Further proof that finance and rock music shouldn’t mix: Pink Floyd is suing music label EMI and Terra Firma, its private equity backer.
Terra Firma’s ownership has been blamed for the departure of such acts of Radiohead and Paul McCartney from EMI’s stable of artists. Now Pink Floyd, its second-best-selling artist (topped only by the Beatles), claims EMI miscalculated its royalty payments.
EMI has certainly proven to be a nightmare for Terra Firma and perhaps the biggest misstep of its former leader Guy Hands’ career. (Remember the attempted Music-Backed Securities?)
He stepped down as CEO after the company was written down by half, causing the firm to take a €1.39bn loss in 2008. The move was regarded as largely symbolic, though, since he remains the firm’s Chief Investment Officer and Chairman.
Even with the PR move, I think Hands has a losing battle of public approval on his hands. Any investment that relies on celebrities or artists is bad news for private equity if you ask me. When things go wrong, who will the public sympathize with, Paul McCartney or some rich banker-type that wants to leech money from Paul’s talent?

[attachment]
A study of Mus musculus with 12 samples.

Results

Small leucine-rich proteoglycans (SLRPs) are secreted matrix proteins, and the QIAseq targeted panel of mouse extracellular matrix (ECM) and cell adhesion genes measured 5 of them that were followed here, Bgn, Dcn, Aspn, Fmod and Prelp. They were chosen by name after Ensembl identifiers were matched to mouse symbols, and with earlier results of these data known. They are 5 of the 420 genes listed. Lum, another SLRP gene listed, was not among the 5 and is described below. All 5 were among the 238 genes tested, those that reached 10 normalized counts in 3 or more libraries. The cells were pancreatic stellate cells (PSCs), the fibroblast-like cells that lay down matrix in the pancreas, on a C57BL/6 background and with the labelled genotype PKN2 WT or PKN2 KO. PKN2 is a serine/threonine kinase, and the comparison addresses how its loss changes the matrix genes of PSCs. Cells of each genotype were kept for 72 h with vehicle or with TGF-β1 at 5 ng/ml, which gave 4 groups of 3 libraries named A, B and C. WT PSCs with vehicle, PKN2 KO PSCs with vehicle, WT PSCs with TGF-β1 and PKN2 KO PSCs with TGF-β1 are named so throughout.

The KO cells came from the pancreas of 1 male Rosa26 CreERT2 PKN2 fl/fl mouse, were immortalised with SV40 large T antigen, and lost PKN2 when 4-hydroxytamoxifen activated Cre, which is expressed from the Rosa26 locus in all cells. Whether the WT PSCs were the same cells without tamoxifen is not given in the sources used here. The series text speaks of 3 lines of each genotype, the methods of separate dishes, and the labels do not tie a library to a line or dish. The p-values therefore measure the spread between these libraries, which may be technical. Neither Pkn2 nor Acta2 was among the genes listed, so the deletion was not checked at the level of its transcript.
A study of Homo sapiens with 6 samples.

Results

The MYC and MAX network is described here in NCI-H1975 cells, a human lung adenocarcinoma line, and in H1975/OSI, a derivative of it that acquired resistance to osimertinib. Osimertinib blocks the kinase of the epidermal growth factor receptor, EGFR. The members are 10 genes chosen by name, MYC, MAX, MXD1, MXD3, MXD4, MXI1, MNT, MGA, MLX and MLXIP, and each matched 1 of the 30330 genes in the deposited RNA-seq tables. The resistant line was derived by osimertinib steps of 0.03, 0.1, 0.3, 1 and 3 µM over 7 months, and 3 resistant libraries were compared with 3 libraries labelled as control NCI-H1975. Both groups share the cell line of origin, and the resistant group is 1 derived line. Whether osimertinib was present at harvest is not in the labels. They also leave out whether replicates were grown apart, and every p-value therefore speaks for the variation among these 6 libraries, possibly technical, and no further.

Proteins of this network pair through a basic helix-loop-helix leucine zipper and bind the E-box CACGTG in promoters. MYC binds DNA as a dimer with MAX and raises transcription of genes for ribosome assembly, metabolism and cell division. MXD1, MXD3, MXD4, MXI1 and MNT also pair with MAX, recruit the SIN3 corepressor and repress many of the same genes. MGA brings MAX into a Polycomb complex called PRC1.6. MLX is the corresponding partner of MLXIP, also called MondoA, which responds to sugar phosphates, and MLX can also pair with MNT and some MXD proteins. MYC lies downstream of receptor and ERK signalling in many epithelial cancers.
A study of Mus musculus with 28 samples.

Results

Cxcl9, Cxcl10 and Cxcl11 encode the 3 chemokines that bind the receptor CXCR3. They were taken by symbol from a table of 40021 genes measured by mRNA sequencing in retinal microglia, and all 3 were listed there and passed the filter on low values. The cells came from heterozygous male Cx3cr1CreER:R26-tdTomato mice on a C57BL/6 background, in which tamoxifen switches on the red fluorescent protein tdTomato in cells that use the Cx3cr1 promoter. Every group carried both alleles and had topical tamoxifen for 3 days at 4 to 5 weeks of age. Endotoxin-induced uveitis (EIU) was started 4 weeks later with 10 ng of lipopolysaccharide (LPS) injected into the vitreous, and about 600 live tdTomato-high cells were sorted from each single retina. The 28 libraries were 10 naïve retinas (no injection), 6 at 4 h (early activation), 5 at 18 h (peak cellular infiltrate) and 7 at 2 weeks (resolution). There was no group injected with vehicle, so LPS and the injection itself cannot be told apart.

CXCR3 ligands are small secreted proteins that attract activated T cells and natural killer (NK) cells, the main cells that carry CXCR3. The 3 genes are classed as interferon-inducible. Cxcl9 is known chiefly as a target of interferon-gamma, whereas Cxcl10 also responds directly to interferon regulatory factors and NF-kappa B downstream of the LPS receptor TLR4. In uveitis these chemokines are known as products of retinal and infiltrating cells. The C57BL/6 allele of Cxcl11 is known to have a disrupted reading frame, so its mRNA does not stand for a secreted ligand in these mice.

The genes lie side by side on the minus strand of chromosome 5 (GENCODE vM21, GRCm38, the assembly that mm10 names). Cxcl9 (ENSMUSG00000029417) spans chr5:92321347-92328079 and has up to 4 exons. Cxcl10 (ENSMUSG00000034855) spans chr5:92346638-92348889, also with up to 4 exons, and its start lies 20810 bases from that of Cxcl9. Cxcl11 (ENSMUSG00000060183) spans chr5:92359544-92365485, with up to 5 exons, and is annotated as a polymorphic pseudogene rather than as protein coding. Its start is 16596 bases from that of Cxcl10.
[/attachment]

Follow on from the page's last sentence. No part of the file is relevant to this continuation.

Obviously it’s not that simple, but how can Terra Firma compete with comments like this from Paul McCartney:
Everybody at EMI had become part of the furniture. I’d be a couch; Coldplay are an armchair.
Versus ones like this from “an adviser to Guy Hands:”
They think there are people with ‘magic ears!’ (guffaws) They believe they have people who can spot talent. They don’t know how to use market research or anything like that…All I can tell you is that Guy will be cutting a lot more cost out of that business than has so far been indicated publicly…
Artists, and therefore, their fans, do not want to hear that, even if it’s the ugly truth of how private equity saves a failing business. On second thought, maybe more transparency is a bad thing.
But really, it’s just another brick in the wall (ha) that should separate private equity from these types of investments. Owning a record label is just shades away from other failing ego-type investments by high net worth individuals. I’m talking about sports teams and media plays. So often the property is purchased more on pride than the specter of making money or growing the business, so when things go poorly, the buyer gets villainized more than usual for meddling with something dear to the public’s hearts.
(Still not convinced finance and rock music don’t mix? Case In Point.)